Yesterday’s New York Times had an editorial that began
Over the last several years, Gov. Chris Christie of New Jersey has shown utter contempt for the State Supreme Court’s three-decades-old ruling in the Mount Laurel housing case, which bars wealthy towns from excluding affordable housing and requires them to write zoning laws that permit a reasonable amount of such housing to be built.
The editorial went on to describe Christie’s persistent refusal to comply with the court’s orders. It’s hard to believe that Christie was once a lawyer–a profession rooted in respect for the rule of law.
Of course, even ignoring “Bridgegate,” this is hardly the first time Christie has privileged his personal political interests over the common good. When he was first elected, he killed a much-needed, long-planned tunnel into Manhattan. As a New Jersey paper recently noted,
The ARC tunnel would have doubled cross-Hudson rail capacity – helping commuters get to high-paying Manhattan jobs and increasing property values back home in New Jersey. When Christie killed the plan – he didn’t have a Plan B. Instead, Christie grabbed the billions of dollars set aside by Gov. Jon Corzine and spent it on in-state transportation projects – which allowed him to pay for road and bridge repairs without raising the gas tax. By pulling out of the ARC tunnel and spending the money, Christie left billions in federal dollars on the table and has nothing left to contribute to a new tunnel project – rail capacity that is still desperately needed.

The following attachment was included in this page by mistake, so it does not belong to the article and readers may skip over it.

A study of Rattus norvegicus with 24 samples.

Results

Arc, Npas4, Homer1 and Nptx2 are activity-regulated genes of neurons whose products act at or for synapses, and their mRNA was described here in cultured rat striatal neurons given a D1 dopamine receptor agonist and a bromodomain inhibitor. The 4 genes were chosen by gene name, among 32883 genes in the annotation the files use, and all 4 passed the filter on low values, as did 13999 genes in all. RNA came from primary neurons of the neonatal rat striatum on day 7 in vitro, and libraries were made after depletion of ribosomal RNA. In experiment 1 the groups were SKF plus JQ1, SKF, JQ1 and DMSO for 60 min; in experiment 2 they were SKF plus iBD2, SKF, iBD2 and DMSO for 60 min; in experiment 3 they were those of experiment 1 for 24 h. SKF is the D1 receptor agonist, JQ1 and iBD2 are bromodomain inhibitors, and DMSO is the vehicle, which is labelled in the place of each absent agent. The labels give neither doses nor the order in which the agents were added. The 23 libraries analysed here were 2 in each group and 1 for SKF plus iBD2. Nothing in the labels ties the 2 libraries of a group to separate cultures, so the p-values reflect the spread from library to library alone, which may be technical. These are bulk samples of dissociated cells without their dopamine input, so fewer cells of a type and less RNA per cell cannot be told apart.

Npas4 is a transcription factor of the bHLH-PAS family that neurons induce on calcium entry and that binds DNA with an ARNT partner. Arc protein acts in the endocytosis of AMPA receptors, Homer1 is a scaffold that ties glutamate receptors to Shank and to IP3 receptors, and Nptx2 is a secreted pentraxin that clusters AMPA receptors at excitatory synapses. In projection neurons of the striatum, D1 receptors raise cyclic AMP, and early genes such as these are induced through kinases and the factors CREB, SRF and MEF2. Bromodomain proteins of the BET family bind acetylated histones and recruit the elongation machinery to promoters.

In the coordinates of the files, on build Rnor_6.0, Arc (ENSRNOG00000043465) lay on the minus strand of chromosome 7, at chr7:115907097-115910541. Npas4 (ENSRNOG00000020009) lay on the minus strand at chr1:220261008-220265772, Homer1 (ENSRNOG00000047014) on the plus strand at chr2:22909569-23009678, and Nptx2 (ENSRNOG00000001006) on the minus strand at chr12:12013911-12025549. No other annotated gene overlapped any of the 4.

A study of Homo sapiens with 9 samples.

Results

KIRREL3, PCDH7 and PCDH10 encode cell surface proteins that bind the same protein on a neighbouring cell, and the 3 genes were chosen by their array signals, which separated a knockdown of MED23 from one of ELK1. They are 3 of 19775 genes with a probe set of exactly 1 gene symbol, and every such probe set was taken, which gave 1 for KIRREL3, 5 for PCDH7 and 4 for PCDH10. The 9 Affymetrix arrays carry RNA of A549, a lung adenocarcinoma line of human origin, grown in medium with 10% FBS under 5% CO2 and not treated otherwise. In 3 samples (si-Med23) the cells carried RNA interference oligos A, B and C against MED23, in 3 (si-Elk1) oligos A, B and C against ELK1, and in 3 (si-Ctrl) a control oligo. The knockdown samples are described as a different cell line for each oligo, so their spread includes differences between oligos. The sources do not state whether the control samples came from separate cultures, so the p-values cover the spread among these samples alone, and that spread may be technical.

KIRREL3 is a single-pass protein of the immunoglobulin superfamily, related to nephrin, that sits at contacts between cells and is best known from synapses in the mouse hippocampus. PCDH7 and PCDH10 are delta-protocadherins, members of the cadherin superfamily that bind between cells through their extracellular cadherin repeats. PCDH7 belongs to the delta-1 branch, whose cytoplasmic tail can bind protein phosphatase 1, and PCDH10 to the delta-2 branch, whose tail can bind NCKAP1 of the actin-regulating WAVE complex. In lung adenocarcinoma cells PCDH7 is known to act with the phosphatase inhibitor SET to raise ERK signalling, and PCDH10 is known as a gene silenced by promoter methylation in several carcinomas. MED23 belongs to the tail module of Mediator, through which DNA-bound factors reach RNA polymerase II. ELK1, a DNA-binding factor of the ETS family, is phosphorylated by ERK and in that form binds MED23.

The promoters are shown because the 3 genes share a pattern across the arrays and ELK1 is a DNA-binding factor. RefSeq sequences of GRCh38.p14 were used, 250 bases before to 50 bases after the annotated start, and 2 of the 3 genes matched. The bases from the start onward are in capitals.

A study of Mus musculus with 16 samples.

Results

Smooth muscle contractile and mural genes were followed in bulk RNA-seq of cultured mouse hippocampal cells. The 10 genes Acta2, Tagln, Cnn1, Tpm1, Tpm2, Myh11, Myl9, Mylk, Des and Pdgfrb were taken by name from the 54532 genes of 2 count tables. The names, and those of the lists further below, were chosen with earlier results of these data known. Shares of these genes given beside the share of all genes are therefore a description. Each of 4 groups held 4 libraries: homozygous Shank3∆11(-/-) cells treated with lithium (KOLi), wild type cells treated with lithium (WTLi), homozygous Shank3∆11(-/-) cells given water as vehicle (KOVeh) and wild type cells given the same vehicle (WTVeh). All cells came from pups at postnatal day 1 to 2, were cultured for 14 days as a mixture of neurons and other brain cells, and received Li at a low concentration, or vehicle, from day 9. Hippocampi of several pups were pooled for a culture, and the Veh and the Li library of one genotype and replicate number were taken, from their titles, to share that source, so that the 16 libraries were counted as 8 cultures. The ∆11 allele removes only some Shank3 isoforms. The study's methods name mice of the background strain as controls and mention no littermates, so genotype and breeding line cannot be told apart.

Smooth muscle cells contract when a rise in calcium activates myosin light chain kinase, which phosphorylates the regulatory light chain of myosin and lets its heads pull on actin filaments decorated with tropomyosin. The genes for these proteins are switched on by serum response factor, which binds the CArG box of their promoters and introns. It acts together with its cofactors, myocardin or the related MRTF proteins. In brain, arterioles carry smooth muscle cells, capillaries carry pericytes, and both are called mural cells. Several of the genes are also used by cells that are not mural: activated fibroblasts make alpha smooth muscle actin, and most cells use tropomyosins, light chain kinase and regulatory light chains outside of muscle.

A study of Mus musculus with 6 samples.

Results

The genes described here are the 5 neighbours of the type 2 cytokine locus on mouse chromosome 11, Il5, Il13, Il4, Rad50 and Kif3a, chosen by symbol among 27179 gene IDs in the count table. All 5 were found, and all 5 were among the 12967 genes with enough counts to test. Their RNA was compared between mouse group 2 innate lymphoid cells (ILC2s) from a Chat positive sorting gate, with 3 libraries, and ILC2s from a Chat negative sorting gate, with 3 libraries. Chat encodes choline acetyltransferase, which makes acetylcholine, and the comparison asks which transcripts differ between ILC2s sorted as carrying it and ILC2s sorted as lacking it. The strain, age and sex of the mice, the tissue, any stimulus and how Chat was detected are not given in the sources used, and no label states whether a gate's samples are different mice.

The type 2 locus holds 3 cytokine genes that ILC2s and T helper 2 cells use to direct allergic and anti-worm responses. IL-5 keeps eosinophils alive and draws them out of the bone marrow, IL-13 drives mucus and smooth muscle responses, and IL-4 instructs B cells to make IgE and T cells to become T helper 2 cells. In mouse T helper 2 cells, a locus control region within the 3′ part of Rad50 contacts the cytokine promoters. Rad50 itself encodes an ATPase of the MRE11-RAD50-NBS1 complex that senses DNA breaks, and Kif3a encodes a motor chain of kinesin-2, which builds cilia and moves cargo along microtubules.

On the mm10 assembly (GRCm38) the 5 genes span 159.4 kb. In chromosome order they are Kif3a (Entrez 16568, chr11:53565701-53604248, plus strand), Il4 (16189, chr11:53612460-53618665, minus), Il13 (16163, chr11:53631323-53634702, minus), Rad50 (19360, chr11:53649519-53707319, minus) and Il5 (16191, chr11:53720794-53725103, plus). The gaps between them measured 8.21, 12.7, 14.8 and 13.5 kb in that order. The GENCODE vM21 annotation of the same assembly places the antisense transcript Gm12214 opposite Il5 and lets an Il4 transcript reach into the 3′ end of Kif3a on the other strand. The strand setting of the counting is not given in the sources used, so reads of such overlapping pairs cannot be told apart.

Christie justified that decision by saying that the project faced cost overruns; the General Accounting Office said otherwise.
I wish Christie were an anomaly, but he isn’t. In fact, Christie’s is the face of far too much of today’s politics: officeholders who are contemptuous of the government that pays them and the interests of the voters who elect them, power-hungry, self-absorbed lackeys of special interests willing to do whatever it takes to stay in the good graces of their patrons, no matter who gets hurt in the process.
What I don’t get is why these people–who appear to have no concept at all of the common good, or respect for the purpose of government–choose political life in the first place. Surely in a capitalist economy there are more appropriate venues for their narrowly-focused ambitions.
Might it be that these pompous preachers of the virtues of the market lack the ability to succeed in the real-life marketplace? Why else go into a line of work for which they are so clearly unsuited?